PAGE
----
Zack Snyder Confirms He Doesn’t Understand Batman

While I liked Ben Affleck’s portrayal of Batman in Batman v Superman: Dawn of Justice and Justice League, I did have issues with it. Serious issues, in fact. Primarily, Batman doesn’t kill. It’s his number one rule.

Sure, some may say that if you look back at some of the early Detective Comics Batman stories, Batman was pretty brutal. He carried a gun, and in Detective Comics #27 he even knocked a guy into a tank of acid and responded with “a fitting end for his kind.” Savage.


By the 1940s though, Batman had started to calm down. He had stopped carrying a gun. And in Batman #4, in a story by co-creators Bob Kane and Bill Finger, Batman reminds Robin that “we never kill with weapons of any kind.” Considering the source, I think that’s pretty definitive.

In his autobiography, Batman and Me, Bob Kane said, “The whole moral climate changed in the 1940-1941 period. You couldn’t kill or shoot villains anymore. DC prepared its own comics code which every artist and writer had to follow. He wasn’t the Dark Knight anymore with all the censorship.”

Over time though, many fans and writers saw Batman’s refusal to kill from a different perspective. It became less about censorship and more about someone who had seen his parents gunned down in front of him feeling compelled to never lower himself to the level of the criminals he fought by killing them, especially with a gun. Now, with a few exceptions, even “dark and gritty” portrayals of Batman tend to show him sticking to his one rule.

Now back to Batman v Superman.

Director Zack Snyder rustled some jimmies during a recent Q&A following a screening of his 2009 film Watchmen. When asked about the dark tone that his DC films had, and the fact that both Superman and Batman killed in them, he seemed a bit surprised that anyone would have a problem with superheroes killing.

Someone says to me: [Ben Affleck’s] Batman killed a guy. I’m like, ‘F***, really? Wake the f*** up.’

As if that wasn’t enough, he then felt the need to elaborate.

I guess that’s what I’m saying. Once you’ve lost your virginity to this f****** movie and then you come and say to me something about like ‘My superhero wouldn’t do that.’ I’m like ‘Are you serious?’ I’m like down the f****** road on that.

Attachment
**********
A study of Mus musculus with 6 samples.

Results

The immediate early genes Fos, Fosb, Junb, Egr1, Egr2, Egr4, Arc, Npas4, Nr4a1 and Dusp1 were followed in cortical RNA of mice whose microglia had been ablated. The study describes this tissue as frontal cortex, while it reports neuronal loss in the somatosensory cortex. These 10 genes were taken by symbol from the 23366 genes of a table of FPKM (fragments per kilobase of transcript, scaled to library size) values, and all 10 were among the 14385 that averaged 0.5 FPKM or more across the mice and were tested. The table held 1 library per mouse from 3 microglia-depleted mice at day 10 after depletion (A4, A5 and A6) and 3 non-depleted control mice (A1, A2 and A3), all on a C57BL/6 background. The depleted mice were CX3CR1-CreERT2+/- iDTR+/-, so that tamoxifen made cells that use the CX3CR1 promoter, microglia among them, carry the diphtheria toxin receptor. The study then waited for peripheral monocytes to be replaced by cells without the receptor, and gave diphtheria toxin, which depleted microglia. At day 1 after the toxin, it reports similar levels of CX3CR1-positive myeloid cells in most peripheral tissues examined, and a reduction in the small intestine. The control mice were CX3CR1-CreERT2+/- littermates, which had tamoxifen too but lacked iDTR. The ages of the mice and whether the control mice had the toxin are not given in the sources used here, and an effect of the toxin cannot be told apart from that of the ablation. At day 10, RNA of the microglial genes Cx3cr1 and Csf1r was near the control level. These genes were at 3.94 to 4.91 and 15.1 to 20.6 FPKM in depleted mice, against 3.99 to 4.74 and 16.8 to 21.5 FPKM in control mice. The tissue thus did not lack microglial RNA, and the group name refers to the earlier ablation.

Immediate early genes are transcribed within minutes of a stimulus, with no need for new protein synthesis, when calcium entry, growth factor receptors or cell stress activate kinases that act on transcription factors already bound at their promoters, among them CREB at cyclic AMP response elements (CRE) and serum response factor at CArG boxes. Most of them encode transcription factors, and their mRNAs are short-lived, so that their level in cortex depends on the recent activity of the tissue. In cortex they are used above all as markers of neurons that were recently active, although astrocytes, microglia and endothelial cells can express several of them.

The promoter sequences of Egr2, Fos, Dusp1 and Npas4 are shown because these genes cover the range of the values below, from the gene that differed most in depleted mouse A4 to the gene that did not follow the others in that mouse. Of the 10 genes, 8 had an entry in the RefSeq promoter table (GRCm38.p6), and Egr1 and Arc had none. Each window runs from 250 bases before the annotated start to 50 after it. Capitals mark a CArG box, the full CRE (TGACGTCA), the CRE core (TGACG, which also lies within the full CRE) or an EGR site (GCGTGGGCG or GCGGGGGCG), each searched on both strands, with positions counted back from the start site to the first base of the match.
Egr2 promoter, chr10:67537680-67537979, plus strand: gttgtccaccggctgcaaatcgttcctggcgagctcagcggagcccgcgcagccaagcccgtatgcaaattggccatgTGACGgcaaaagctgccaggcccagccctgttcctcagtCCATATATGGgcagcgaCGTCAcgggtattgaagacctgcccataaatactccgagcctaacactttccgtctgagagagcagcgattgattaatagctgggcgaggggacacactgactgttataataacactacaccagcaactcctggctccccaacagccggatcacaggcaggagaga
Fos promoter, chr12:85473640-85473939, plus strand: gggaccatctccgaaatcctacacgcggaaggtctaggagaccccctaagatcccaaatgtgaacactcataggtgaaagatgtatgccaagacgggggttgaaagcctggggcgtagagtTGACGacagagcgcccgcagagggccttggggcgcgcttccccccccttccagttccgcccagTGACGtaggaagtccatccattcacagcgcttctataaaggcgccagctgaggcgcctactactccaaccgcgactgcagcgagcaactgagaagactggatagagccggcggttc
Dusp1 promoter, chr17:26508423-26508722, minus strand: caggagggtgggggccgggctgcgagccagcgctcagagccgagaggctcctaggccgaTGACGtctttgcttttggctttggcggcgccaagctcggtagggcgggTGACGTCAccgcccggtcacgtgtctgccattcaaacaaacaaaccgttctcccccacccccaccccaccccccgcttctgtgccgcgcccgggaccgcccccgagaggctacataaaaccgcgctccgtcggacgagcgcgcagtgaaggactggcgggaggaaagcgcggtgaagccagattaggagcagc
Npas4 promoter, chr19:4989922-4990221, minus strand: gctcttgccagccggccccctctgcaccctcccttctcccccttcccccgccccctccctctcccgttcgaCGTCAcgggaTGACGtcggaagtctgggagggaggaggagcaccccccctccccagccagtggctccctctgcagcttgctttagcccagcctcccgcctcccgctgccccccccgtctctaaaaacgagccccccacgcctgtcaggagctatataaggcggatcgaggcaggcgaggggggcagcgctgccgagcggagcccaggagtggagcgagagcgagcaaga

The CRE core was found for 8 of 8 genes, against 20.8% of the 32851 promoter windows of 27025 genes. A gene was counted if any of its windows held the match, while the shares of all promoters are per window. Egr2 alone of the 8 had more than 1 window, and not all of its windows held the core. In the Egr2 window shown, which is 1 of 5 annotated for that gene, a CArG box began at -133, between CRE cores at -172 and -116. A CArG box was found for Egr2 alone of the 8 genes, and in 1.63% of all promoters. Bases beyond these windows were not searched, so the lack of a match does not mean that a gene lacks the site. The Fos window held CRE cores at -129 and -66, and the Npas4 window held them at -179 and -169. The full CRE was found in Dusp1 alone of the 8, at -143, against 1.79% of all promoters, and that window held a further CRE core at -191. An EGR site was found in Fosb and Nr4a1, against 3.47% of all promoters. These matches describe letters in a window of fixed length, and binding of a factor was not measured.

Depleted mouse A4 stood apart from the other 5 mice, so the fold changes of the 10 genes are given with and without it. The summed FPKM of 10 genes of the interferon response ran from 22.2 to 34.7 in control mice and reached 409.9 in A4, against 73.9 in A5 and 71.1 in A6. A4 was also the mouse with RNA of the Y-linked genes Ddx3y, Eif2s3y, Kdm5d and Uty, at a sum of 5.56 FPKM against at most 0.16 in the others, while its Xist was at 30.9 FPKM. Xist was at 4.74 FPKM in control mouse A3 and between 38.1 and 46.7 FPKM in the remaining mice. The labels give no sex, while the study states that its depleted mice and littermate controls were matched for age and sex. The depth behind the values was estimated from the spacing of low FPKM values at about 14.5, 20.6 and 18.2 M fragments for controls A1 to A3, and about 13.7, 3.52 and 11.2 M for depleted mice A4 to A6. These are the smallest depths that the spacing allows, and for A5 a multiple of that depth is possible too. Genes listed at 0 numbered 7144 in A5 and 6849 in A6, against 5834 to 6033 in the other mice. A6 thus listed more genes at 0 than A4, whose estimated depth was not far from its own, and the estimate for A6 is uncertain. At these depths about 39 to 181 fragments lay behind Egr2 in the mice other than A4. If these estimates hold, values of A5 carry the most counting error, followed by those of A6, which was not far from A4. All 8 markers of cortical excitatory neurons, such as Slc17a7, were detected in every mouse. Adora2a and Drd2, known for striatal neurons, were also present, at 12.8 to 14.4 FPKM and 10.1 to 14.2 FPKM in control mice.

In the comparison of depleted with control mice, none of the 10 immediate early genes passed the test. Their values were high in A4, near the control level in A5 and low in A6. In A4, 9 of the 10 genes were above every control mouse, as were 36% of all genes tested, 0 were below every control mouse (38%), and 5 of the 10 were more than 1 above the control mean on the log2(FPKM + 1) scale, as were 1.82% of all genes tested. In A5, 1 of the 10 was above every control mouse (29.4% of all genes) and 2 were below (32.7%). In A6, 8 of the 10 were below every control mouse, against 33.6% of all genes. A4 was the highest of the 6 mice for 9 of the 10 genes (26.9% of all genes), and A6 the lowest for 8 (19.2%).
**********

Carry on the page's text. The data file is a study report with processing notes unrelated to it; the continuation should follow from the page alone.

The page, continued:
It’s a cool point of view to be like ‘My heroes are still innocent. My heroes didn’t f****** lie to America. My heroes didn’t embezzle money from their corporations. My heroes didn’t commit any atrocities.’ That’s cool. But you’re living in a f****** dream world.

He’s wrong. While the word may be a pretty messed up place, there is still the need for good. Even as dark as Batman is, he is still light. He doesn’t kill. He doesn’t sink to the level of that which he fights.

I thought that Zack Snyder did a fantastic job directing Watchmen. Those were different types of heroes though. It was a different time. The heroes in Watchmen are not the heroes in the DC Universe. (Well, at the time they weren’t.) I’ve always felt that Snyder didn’t really understand Superman, but I thought he understood Batman a bit better. I was wrong.

What do you think of Zack Snyder’s comments? Do you agree with him that superheroes should kill or is there a line that shouldn’t be crossed? Let us know in the comments!


Jeremiah Zohner

Founder & Executive Producer After developing a love of Star Wars and comic books as a child, Zohner was destined to be a geek. With interests touching on computers, video games, technology, books, TV and movies, and toys and collectibles, he is the epitome of a well-rounded geek. Zohner is one of the founding members of Stolendroids. After stepping away for a time to work on other endeavors, the time was right for him to make his triumphant return to the one project that he truly loves. When he’s not writing articles or podcasting, Zohner can be found spending time with his family, managing projects for a software company, or hanging out in the gym knowing that it won’t do a bit of good.